LSU Baseball
NOTEBOOK: Clutch hitting in May nothing new for Tyler Moore
5/27/2014 6:23:42 PM
Tiger Rag Editor

There are a couple things you can almost take to the bank during late May in Louisiana: postseason baseball, sweltering temperatures and an even hotter bat wielded by LSU junior first baseman Tyler Moore. 

The Baton Rouge native is coming off an MVP performance in the Southeastern Conference tournament, where he led the LSU offensive onslaught with a pair of home runs

This is nothing new for Moore, who has been the monarch overseeing the Kingdom of Clutch since his arrival on campus. 

"Tyler has had some awfully big hits," said LSU coach Paul Mainieri. "Some of the biggest hits that we’ve had in the last couple of years." 

LSU was one-pitch away from losing its super regional opener against Stony Brook in Moore's freshman season when Moore launched a game-tying homer in a game LSU eventually won. He also plated what proved to be a game-winner against Oklahoma ace Jonathan Gray in last year's super regional opener with a booming double to right field.

There are more. He knocked in the go-ahead run against Alabama in last year's SEC tournament and has a couple big hits in big moments to his credit this year. But the late-inning super regional boomers stand out because of what LSU had on the line: a trip to Omaha.

He doesn't really know how to explain it, but at least he thinks he knows why he's able to come through when his team needs it most. The key, in Moore's estimation, is to never be afraid.

"I’ve always been a guy that embraces pressure," Moore said. "I love coming up when the game is on the line. I don’t know, I’ve always had a knack for it. I don’t know how to explain it, I just love it."

Mainieri agreed.

"I think he never is overwhelmed by the situation," Mainieri said. "The people all on their feet in the ninth inning, a tough pitcher — I don’t think any situation ever bothers him like it’s too big for him. That’s part of the reason why he comes through in the clutch a lot."

Moore is a little of what Mainieri called a "streak hitter," which explains why he has not yet been an every day player on one of Mainieri's teams.

"Because he hasn’t been consistent, he’s been typically about a .270 hitter in his career," Mainieri said. "But on the days when you watch him swing the bat well, you think he’s a .330 hitter."

Those hot streaks always seem to come at just the right time, though. 

Moore has started a career-high 39 games this season, and has responded with his best home run and RBI totals during his time at LSU. Three of his five big flies and 19 of his 34 RBI have come during LSU's current eight-game win streak.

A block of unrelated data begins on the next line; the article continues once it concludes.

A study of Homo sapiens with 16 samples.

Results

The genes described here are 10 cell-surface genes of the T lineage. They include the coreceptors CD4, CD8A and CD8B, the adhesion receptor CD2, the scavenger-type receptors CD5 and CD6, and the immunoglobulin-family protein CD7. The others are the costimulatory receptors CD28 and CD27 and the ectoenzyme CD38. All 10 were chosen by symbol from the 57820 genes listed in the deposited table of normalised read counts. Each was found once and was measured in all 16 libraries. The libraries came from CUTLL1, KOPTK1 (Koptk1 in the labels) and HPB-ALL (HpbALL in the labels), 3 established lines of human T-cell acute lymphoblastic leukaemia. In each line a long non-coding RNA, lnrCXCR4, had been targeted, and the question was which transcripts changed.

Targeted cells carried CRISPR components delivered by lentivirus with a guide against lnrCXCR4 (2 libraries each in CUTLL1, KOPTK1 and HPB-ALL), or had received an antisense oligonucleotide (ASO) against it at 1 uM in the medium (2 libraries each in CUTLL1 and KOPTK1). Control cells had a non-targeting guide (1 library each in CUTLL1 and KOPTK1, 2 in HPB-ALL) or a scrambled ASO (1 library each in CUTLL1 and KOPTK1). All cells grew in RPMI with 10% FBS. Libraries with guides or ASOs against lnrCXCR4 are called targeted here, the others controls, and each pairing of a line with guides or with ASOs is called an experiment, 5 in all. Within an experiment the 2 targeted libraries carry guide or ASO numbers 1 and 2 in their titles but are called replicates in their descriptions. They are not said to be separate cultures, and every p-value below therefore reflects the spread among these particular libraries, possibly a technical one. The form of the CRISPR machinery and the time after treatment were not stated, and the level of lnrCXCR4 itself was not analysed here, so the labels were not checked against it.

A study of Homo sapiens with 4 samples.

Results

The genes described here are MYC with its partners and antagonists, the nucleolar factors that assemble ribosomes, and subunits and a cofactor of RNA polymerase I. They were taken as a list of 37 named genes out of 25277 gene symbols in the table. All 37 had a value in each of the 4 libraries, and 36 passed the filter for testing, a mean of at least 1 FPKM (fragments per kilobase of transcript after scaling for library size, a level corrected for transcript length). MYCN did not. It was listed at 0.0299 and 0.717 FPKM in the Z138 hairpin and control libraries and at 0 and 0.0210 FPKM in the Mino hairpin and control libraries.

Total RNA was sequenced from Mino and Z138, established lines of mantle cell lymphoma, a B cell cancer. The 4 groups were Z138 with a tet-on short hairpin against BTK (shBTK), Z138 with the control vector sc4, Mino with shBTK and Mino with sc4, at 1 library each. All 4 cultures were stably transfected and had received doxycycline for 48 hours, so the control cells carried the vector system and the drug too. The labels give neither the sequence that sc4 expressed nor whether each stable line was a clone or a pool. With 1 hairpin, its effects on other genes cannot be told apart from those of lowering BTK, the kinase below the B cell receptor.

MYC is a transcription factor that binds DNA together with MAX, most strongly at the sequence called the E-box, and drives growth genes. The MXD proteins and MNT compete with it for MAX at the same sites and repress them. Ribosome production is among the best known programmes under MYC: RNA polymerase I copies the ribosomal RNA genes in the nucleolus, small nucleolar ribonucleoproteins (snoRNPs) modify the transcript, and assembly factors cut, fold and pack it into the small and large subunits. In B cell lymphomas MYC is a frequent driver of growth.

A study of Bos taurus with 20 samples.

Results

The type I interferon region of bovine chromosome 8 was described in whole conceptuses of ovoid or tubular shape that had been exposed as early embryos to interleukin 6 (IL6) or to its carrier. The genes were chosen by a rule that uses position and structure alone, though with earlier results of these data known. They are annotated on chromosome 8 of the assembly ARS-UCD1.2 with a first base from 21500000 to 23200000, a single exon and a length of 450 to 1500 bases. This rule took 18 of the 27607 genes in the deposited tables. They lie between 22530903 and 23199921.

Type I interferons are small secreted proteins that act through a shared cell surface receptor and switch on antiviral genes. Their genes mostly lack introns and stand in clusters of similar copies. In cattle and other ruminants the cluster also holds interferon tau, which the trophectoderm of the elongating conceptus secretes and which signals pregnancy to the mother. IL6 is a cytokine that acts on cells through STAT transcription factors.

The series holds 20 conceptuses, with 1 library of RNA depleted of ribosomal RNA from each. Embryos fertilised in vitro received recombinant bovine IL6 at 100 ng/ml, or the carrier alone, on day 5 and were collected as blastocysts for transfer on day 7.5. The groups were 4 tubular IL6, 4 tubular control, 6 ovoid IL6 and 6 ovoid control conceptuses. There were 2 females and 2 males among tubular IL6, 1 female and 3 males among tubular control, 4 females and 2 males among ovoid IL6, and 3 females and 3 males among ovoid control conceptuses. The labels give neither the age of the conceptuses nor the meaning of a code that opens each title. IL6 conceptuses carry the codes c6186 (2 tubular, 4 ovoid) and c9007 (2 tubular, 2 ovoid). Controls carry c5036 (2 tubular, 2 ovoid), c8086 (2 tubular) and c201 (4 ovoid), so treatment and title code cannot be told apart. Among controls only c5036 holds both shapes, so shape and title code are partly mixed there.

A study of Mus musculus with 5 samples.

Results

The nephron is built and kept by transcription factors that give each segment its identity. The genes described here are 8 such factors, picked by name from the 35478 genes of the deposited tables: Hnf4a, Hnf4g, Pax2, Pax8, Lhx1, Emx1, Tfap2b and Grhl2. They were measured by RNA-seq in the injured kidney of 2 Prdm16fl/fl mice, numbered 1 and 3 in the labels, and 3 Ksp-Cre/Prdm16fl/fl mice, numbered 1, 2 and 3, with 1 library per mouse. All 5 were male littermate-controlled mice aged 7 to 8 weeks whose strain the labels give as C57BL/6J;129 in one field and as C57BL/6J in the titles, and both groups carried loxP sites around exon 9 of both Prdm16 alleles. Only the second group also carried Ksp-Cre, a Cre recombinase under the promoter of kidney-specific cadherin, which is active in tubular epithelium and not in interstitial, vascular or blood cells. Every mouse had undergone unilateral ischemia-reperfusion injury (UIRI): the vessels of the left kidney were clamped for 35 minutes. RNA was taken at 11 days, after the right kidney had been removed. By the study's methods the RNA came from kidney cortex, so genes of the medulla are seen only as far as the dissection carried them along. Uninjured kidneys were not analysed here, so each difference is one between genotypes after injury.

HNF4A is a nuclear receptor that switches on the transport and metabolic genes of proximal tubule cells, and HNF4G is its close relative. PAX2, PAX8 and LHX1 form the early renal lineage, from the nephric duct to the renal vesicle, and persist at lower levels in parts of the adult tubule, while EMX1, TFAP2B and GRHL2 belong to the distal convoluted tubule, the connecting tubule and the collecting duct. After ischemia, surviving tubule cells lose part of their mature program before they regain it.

It's thanks to an approach Moore heard a major league player talking about. It rests on the notion that each at bat is a season in itself, meaning two things: each pitch is important, and take nothing away from your previous at bat, whether it was good or bad.

"Trying to focus on every pitch is the biggest thing," Moore said. "Trying to win every single pitch."

He's been winning quite a few lately, and with the Tigers being five wins away from Omaha, they could use him to keep winning pitches and at bats.


Mainieri declined to name a starter for LSU's first regional game against Southeastern Louisiana, saying he'd need a couple more days to map out scenarios when he'd want to use his ace, Aaron Nola.

The normal route for a top seed is to throw your ace in the second game of the tournament, allowing you to either stave off elimination or punch a ticket to the regional championship game. But No. 2 seed Houston might throw a wrench in those plans. 

"Houston likes to run and a left-handed pitcher would help curtail the running game," Mainieri said. "They’ve got seven left-handed hitters in their lineup, obviously a left-handed pitcher would be more attractive there."

Of course, that might not matter when Nola and his 10-1 record and 1.49 ERA are on the mound.

"But you also have what you think is the best pitcher in the country, so do you just forget about all that stuff and just go with that guy in the pivotal game?" 

Mainieri said he'd reach his decision by Thursday. 


It's win or go home for the Tigers.

That doesn't mean LSU is changing what's got it to this point.

"We try to approach every game with an intense attitude," Mainieri said. "Since I’ve been here at LSU, I’ve said this many times, whether it’s a midweek game against McNeese, or a weekend game against Ole Miss or a playoff game in the NCAA tournament, you can’t treat a game any different. You have to do it the same way because that will then allow you to perform well when the pressure is greater.

"If all of a sudden you say, ‘Oh my gosh, this is a big game,’ and you start to do things unnaturally, you’re not going to play well. You’re going to play nervous and tight. We try to approach game with the same intensity level."